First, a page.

Upon reflection of those who "glitter when they walk,"--the celebrities of contemporary society--one must note that, like Richard Cory, they inhabit rooms of which no one else has knowledge. (One fairly recent example is that of Philip These rooms, some of which may be the proverbial "brown study" or the blackest despair of the soul, are apparently ones in which those above "the pavement" of ordinary lives wrestle with unconquerable torments, while the ordinary people "who cursed the bread" in their discontent and envy of the rich and famous live out their banal lives.
Edward Arlington Robinson's poem "Richard Cory" relates the truth that all persons are inscrutable to others; for no one can truly know all that dwells within another's mind. Thus, Robinson touches upon the theme of the existential aloneness of each human being. Paradoxically, this aloneness of Cory was exaberated by his celebrity. For, when he comes to town he is alienated from the citizens because of their perception of him as "imperially slim" and "schooled in every grace," and far above them in stature, so much so that no one really communicates with him.
"Richard Cory" was written by Edwin Arlington Robinson in 1897 and reflects a period of high income inequality in the United States, exacerbated by the Panic of 1893, a depression caused in part by bank runs.
The first theme of the poem is economic inequality. Rather than wealth being distributed evenly within the town, it is unequally distributed, causing significant social stratification. Although Cory is apparently polite and not disliked, there is a vast social gulf between him and the townspeople and no possibility of friendship or even shared activities and interests.
The second theme is that money does not bring happiness. Although Richard Cory was "richer than a king", he still committed suicide.
A third theme is the impossibility of knowing what happens within the mind of other people. The nameless narrator of the poem observes Richard Cory from the outside, thinking:
In fine, we thought that he was everything
To make us wish that we were in his place
The narrator, though, has no idea whether Cory is actually happy or not or whether his "place" is pleasant.
The theme of "Richard Cory" is isolation and loneliness. Richard Cory may have "everything" in the eyes of the narrator, but he is isolated from everyone in town. He is unable to interact with anyone as a peer, since the perception is that he is royalty, "richer than a king," and the townspeople are his subjects. This point is reinforced by the author's use of the word "crown" to describe Cory's head, as well as the image of Richard Cory walking down the street alone, greeting the people, as they stand by watching mutely. "He was always human when he talked" implies he is actually something other than human, something greater than those with whom he interacts. The townspeople do not see him as a person, but as a symbol of everything they want, everything they cannot possess. The townspeople are able to be a unit, as is shown in the use of the plural pronoun "we." However, Cory is not part of this group. He is an entity to himself. There is no possibility of Cory being able to have a friend or confidante among the people who see him as royalty. Any problems he has he must deal with alone and without support. No one was aware of his problems, only of their own, since Cory never confided in anyone, nor did he ever appear to be anything less than perfect when in public. This is why no one, including the reader, foresees Richard Cory's suicide. He had everything, all the objects and entertainments money could buy, but never did he have a friend to broach his isolation.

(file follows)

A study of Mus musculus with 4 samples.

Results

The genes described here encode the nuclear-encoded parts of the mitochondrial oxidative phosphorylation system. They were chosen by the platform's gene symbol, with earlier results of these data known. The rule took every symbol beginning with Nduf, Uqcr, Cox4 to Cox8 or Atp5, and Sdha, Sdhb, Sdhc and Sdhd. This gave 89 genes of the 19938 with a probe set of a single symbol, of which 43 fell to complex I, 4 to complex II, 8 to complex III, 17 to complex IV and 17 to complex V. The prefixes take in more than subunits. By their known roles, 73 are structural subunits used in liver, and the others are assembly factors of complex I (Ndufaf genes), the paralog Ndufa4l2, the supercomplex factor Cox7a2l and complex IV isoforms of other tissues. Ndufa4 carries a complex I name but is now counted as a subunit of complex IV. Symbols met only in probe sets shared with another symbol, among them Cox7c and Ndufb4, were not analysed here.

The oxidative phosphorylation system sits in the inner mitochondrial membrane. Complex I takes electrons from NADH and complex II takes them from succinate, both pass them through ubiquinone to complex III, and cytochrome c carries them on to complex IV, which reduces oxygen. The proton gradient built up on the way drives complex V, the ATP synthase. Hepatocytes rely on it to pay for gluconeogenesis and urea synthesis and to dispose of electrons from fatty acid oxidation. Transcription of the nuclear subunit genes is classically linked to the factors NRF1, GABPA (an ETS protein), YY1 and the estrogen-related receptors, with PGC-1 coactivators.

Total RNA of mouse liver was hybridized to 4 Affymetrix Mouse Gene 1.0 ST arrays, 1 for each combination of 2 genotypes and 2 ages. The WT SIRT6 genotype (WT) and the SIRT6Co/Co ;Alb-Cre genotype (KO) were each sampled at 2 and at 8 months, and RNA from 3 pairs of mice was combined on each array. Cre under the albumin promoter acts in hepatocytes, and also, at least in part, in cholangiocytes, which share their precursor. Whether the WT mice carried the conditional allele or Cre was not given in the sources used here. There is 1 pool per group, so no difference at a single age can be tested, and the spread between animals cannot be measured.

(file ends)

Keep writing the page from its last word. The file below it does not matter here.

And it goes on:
The primary theme in Edward Arlington Robinson's poem Richard Cory is simply that material wealth does not equate to happiness. He constructs this theme carefully as the character is consistently presented as being an object of adoration among the working class, being rich ("richer than a king"), well-mannered and physically fit ("a gentleman from sole to crown,/Clean favored, and imperially slim."); until the final stanza, Richard Cory is shown to have everything a person could considerably want. The poem's characteristic turn comes at this point, as we reflect on how the common people kept working, wishing they could be in the same position, oblivious to the unspoken inner conflict that Cory must have held. The final line hits abruptly, enforcing the point that riches don't buy joy and that all that glitters, as Cory himself is described as having done, is not gold. There is no build up to this moment, and it comes as shock to the reader as it does the working poor, as those last words give us his suicide.